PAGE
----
For the datamodel, I used ohm with redis, which takes about no time to setup and works as advertised.
If you are curious, the source is available at github.
TL:DR; CFHTTPMessage combines duplicate headers to a single string value containing all headers comma seperated. Thank you.
I am currently developing a Proxy app that visualizes requests and gives you the ability to plug-and-play like filter and modify requests, which makes it a quite powerful tool for debugging web applications, mobile apps and so on.
Of course, this tool is built using Cocoa and Core Foundation. Interesting enough, Core Foundation brings a Type called "CFHTTPMessage", which handles a lot of low-level message parsing and processing, and is really handy and quite easy to use.
There is one drawback: CFHTTPMessage is not designed to handle both the order in which the headers arrived in a message and duplicate header fields. The first point is somewhat irrelevant, as the HTTP1.1 standard points out that servers are not supposed to depend on any order in the clients – it's really only a minor issue. The latter point is complicated. HTTP relies on duplicate headers a lot, consider this HTTP request ( Real life!! )
POST /wp-admin/admin-ajax.php HTTP/1.1
User-Agent: Mozilla/5.0 (Macintosh; Intel Mac OS X 10_7_0) AppleWebKit/535.1 (KHTML, like Gecko) Chrome/13.0.782.112 Safari/535.1
Cookie: wordpress_logged_in_xxxxxx; httponly; expires=Tue
There are quite some duplicates here. So the clever guys at Cupertino just forgot to handle duplicate headers at all? No, not really. But they just didn't document what they are doing with it, which isn't that clever at all, but fortunately, the sources are available here. So after a bit of digging, I found out that duplicates are simply appended to a former header with same key, which sucks – the delimiter used is a simple comma, which is quite regularly found in header values, which makes splitting an art for itself.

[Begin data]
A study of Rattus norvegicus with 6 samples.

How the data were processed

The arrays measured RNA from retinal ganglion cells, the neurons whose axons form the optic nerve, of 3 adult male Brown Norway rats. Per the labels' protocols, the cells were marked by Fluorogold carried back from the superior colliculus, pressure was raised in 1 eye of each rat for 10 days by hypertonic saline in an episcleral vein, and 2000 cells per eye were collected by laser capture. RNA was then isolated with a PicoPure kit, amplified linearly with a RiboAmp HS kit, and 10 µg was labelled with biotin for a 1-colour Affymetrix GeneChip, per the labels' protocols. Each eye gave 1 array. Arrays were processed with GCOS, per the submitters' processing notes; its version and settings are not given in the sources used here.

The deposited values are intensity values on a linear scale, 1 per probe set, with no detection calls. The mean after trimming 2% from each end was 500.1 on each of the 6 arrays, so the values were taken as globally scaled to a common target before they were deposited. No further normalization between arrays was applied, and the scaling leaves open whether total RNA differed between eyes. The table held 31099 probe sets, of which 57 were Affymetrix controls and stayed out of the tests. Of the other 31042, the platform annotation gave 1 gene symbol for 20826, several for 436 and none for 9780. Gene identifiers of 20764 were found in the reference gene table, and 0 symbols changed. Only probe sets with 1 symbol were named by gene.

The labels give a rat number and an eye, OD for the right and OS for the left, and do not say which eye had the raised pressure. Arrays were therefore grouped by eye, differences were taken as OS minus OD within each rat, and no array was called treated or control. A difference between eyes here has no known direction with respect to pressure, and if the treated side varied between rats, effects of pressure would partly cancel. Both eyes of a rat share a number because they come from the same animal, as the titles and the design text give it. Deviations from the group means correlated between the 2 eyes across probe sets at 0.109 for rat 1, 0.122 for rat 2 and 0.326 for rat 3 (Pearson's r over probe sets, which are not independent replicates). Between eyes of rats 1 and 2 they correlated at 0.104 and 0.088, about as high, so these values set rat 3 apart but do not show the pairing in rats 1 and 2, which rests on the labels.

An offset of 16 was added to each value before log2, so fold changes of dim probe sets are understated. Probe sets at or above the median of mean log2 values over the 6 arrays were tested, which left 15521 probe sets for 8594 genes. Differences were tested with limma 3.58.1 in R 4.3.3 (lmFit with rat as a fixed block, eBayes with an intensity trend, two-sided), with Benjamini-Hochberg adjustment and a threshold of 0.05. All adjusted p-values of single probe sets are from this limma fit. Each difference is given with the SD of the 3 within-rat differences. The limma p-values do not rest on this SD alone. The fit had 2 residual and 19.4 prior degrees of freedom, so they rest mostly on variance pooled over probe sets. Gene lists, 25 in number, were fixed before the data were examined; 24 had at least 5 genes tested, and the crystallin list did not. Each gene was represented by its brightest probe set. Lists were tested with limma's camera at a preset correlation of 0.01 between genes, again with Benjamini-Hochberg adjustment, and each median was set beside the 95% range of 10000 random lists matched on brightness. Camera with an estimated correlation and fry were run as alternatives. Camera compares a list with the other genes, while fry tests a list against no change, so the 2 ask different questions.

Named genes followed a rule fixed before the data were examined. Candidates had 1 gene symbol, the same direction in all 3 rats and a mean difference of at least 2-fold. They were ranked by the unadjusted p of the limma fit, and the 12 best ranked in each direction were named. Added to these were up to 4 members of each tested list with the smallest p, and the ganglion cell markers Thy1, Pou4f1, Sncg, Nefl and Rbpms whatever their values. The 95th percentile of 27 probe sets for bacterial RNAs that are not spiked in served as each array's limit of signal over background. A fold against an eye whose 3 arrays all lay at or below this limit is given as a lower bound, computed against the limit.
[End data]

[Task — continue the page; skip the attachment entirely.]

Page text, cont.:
A mess is not a technical debt. A mess is just a mess.
You should really read this article clarifying that, well, a mess has nothing to do with code debt.
Xcode 4.1 comes with a nice tool called Network Link Conditioner, which is basically a GUI to configure certain settings of your network to make it behave like a "Lossy Edge Connection" or something similar. Why would anyone want to do this? In a nutshell, a bunch of bugs in iOS apps are only visible in such environments and hard to catch in office settings with perfect connections. So, to work around that perfect connection, this tool has been invented
Apple-like, it looks great and ... doesn't work ( which is not that Apple-like at all ). At least on my brand-new Early 2011 MBP, it just crashes. So I got curious and ask some friends to double-check it, and bingo, they had similar issues on the comparable i7-equipped machines.
Back at home, I fired the tool on my ancient 2009 iMac, and voila, it works just fine. So.. what the hell is going on there?
[update] I tested the network link conditioner on my new i5-iMac, not a problem there.
[update] It seems Nick Pannuto found a solution for the problem, which you can find filed under the Apple Radar with the id 11013262. Thanks!
That is worth linking to just for this highlight
Look at your average web application's lib directory. I wouldn't be suprised to see a hundred JAR files there, all just for a simple search database or shopping site which even PHP would do in 10k LOC. And should you be adventurous, try to build it yourself. A world of fun! Setting up a Linux system from scratch, without any step-by-step instructions, is easier. Trust me, I have done both. Be sure you know how to spell "dependency hell" forwards and backwards before you begin.
Here you go: Why all C-like languages except one suck.. ( CC, btw ).